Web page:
Photo: A child looks at a Darth Vader mask at an exhibition in the Louvre, Paris, in 2015. Credit: Chesnot/Getty Images
By Emma Young
Watching Return of the Jedi with my kids the other night, I found myself quite liking Darth Vader. After all, he’s self-disciplined, determined, conscientious, and uncompromising — while also being (almost) entirely evil…
It’s no secret that we can find fictional villains fascinating. It’s been argued that that’s because we are evolutionarily drawn to understanding bad guys, as well, of course, to seeing the good guys prevail. But new research, published in Psychological Science, suggests that this is not the full story.
In real life, we do tend to like people who are similar to us in positive ways — who are also conscientious, say, or agreeable. But research has found that we recoil from others who are similar to us in positive ways but possess antisocial traits, too — they’re intelligent but deeply manipulative, for instance. This is thought to be because it’s uncomfortable for us to see any similarities between ourselves and “bad” people.
Rebecca Krause and Derek Rucker at Northwestern University wondered if the same was true when it came to fictional characters, who may not pose the same potential threat to our self-image.
To explore this, the pair first analysed data from a company called CharacTour, an entertainment website with more than 230,000 registered users at the time of the study. CharacTour staff had identified thousands of characters as villains (such as Maleficent and the Joker) and as heroes (such as Sherlock Holmes and Yoda) and sidekicks. They had also used scales to rate these characters on mini-spectrums for various traits — from chatty to reserved and highbrow to lowbrow, for example. Users could also rate themselves on these traits, using the same scale, and become “fans” of characters they were most drawn to.
Krause and Rucker found that characters with a higher score on any given trait tended to have a greater percentage of fans with that trait. Strikingly, the similarity effect was even stronger for villains than non-villains. The normal aversion that we feel towards similar, but bad, individuals had vanished.
The pair also found that villains and their fans didn’t share only positive traits. Compared with non-villains, villainous characters had a greater percentage of fans who rated themselves as dishonest, rude, manipulative and selfish. Fiction seemed, then, to free people to be drawn to the darker sides of our characters. (A finding that made me wonder which dark traits, exactly, I might share with Lord Vader…)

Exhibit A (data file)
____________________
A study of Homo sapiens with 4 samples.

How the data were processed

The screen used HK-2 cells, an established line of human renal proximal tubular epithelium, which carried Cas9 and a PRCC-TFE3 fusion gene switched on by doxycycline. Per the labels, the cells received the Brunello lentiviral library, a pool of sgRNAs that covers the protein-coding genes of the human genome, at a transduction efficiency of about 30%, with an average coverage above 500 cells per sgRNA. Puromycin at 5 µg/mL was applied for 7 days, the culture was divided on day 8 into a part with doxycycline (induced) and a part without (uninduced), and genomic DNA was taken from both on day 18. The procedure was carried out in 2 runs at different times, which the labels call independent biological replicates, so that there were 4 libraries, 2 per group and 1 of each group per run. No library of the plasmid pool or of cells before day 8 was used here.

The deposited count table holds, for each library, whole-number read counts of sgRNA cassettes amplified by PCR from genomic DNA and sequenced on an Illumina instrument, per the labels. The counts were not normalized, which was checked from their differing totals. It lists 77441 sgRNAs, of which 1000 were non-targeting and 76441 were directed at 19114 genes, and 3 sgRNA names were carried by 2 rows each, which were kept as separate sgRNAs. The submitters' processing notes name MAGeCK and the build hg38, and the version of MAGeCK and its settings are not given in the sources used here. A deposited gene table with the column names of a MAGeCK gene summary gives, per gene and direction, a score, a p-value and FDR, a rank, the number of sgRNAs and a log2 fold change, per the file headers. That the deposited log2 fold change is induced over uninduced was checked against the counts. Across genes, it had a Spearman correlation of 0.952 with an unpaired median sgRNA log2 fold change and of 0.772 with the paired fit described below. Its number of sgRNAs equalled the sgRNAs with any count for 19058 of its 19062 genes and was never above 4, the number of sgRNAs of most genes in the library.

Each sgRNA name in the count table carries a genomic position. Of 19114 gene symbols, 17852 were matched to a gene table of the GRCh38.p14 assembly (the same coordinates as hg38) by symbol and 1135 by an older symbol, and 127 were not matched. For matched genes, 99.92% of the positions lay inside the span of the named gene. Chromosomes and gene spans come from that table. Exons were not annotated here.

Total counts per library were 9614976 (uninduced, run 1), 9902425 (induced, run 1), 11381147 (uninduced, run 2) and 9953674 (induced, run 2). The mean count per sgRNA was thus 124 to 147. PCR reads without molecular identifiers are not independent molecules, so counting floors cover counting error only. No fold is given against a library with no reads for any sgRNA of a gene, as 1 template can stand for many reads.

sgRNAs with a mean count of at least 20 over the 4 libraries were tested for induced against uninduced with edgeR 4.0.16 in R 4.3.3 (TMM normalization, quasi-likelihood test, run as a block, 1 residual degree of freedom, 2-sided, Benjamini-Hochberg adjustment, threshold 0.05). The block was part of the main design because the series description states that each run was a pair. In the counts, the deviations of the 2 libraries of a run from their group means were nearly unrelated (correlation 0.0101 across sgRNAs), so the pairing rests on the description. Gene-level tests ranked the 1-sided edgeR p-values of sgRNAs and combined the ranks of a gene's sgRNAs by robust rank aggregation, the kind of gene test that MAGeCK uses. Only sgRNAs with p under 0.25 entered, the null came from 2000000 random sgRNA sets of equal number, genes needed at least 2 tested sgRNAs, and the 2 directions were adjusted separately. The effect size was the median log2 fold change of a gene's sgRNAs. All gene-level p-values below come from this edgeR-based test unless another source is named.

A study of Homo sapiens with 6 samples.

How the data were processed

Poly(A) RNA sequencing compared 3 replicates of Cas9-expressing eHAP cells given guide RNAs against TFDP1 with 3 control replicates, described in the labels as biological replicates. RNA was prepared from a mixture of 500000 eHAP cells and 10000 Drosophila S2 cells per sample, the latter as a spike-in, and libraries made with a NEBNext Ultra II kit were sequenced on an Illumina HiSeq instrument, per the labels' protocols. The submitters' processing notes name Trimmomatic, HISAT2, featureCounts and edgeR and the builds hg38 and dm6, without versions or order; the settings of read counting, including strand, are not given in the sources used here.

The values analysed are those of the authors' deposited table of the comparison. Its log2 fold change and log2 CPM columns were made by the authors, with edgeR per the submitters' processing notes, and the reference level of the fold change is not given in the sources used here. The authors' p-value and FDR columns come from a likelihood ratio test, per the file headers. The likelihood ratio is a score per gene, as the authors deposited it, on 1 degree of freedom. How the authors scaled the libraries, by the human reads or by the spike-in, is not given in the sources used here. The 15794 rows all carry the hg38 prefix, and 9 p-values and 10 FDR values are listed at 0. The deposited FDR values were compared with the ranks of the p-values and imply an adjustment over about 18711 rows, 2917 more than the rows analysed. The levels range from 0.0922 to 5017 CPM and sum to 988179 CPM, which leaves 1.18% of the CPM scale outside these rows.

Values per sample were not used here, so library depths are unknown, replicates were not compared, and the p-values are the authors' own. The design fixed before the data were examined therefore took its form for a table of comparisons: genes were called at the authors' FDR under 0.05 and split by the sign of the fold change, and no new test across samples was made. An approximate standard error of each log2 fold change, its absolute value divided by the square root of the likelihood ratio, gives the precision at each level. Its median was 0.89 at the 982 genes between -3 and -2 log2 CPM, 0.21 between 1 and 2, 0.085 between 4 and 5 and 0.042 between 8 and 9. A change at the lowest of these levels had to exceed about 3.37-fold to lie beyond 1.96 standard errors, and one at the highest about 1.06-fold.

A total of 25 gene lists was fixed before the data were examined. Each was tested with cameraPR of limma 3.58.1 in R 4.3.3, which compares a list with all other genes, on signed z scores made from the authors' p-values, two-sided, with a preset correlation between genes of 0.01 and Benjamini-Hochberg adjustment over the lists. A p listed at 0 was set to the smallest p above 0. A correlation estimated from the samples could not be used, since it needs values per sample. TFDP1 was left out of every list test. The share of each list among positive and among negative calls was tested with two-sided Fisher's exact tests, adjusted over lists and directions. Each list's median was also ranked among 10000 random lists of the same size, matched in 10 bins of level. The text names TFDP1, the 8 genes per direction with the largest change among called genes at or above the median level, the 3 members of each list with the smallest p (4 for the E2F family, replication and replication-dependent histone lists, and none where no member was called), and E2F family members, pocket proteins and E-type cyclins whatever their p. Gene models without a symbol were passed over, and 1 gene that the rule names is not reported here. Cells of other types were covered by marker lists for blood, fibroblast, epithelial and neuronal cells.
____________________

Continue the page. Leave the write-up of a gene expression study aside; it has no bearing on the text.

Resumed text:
The pair then sought to firm up their findings, and dig into potential explanations, using a series of online studies.
The first, which involved 100 student participants, confirmed that it was more discomforting to be compared to a real-life villain than to a fictional one. Further work meanwhile supported the idea that fiction typically frees us from the threat of negative social comparisons — but not in all contexts. When a group of participants was told that they were “weirdly” similar to a “super-creepy” fictional villain in a new film, they reported being perfectly happy to watch the film while alone. But as an option for a first date, it became distinctly unappealing. First dates of course involve potentially important social judgements. The risk of being likened in any way to a “super-creepy” villain clearly represented a threat to those participants’ self-image.
But a first date is a special case. “Our research suggests that stories and fictional worlds can offer a ‘safe haven’ for comparison to a villainous character that reminds us of ourselves,” comments Krause. This can open us up to learning more about darker parts of the self that we don’t normally explore, the pair thinks.
Stories might not be the only way to mitigate threats to self-perceptions, they add. Having a secure attachment figure — someone who we know loves us — might also act to protect us from the discomfort caused by feeling at least partly similar to a morally undesirable person, perhaps. “Although stories were used in the present approach, our findings invite a more general exploration of other factors that might mitigate threat and thus attract people toward comparison with similar but negative others,” the researchers write.
But, as they warn in their paper, there could be dangers here. If, for example, a person were to see a reality-TV star, say, as a “fiction-esque” and appealing villain, “this could have potentially sinister implications for people’s choice of role models.”